Louisiana: Legislation aimed at improving medical treatment, controlling costs
The Louisiana Legislature passed S. 303 shortly before adjourning. Sen. Neil Riser, R-Columbia, sponsor of the bill, said the legislation requires the director of the Office of Workers' Compensation Administration to establish a medical treatment schedule in accordance with the principles of evidence-based medicine, which must be formally adopted by Sept. 30, 2010. The director will also be responsible for appointing a medical advisory committee. In addition, the director will be given the authority to contract with a medical director in order to oversee the development and mandated biannual review of the treatment schedule.
John Marlow, assistant vice president of the American Insurance Association's southwest region, applauded the move and said the legislation presents an opportunity to help injured workers receive high-quality medical treatment when it's most needed and without bureaucratic delay.
"This legislation is a good first step in reforming Louisiana's workers' compensation system," he said. "S. 303 represents a commonsense agreement between labor, employers, and the medical community as to what's best for Louisiana's workers.
Marlow said the association intends to work with advisory committee members to ensure that the new medical treatment schedule adheres to sound evidence-based medical principles.
"The committee can also take steps to reduce costs by applying Medicare fee schedules to reimbursements, requiring that Medicaid rates be used for pharmaceutical reimbursements, and compelling the utilization of employers' designated physicians and treatment networks," he added. "Louisiana's workers' compensation system now has a significant opportunity to advance access to quality treatment while reducing employer costs."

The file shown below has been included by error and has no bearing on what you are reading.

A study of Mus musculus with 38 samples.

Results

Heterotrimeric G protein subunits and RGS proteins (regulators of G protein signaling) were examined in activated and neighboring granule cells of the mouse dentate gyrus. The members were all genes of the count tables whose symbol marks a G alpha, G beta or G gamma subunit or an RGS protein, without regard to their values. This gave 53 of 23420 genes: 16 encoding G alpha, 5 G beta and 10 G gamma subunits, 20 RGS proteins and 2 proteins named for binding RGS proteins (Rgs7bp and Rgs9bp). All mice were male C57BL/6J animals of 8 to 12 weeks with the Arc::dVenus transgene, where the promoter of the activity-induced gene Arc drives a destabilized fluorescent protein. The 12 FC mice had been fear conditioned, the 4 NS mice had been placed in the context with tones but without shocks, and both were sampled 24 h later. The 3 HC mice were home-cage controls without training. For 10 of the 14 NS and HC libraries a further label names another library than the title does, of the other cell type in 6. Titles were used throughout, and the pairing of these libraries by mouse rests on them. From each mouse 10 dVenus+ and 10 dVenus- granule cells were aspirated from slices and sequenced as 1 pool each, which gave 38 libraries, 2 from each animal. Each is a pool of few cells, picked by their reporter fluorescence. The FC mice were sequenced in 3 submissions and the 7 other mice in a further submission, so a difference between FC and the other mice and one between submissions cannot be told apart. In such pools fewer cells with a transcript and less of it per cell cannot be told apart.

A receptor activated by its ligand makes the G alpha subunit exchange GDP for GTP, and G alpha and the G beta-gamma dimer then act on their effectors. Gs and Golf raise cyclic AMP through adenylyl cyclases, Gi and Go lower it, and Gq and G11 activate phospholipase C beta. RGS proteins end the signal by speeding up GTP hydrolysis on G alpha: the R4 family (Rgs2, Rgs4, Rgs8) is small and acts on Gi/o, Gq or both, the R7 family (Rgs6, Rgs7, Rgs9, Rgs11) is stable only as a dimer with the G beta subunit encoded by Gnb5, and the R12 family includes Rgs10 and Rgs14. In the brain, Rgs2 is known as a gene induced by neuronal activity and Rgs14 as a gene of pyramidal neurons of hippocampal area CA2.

Gov. Bobby Jindal is expected to sign the legislation.
Insurers ask for veto. A second piece of legislation approved by Louisiana lawmakers hasn't generated the same support from insurers. The Property Casualty Insurers Association of America recently sent a letter to the governor requesting his veto of House Bill 658, which changes the "prescriptive period," or time limits for filing a workers' comp claim. Under the legislation, the prescriptive period of workers' comp claims would expand from two to three years.
Greg LaCost, assistant vice president and regional manager for PCIAA, said the group believes the legislation will increase the likelihood of fraudulent claims, an insurer's exposure to lawsuits, and the need for insurers to maintain higher reserves. These conditions, he said, could lead to higher workers' comp rates for businesses.
"Our members in Louisiana have serious concerns about this legislation that could increase costs and expand their exposure in an economy that needs stabilization," he said. "Essentially, a claim would not have to be filed under Louisiana law until almost three years post-occurrence and still say that it was related to some incident at work. The opportunity for fraud is exponentially increased with this substantial modification of the law."
LaCost said the increase in exposure would force insurance companies to set aside additional reserves which could lead to less ability to write policies in the state or diminish the size of the policies that they can write. Businesses, he said, may also have fewer options under the plan.
"While the bill may sound consumer-friendly, it will have unintended consequences to the businesses and consumers of Louisiana that far exceed any possible benefit that may be derived," he said. "H.B. 658 was allegedly drafted to cover injuries that could not be treated within two years. During the legislative process, the bill was altered to simply expand the prescriptive period of workers' compensation claims. If the trial lawyers wanted to address a problem, then they should have done exactly that instead of asking for the 50 percent extension of a prescriptive period."
Officials said the governor has concerns about the bill but has not indicated whether he will veto it.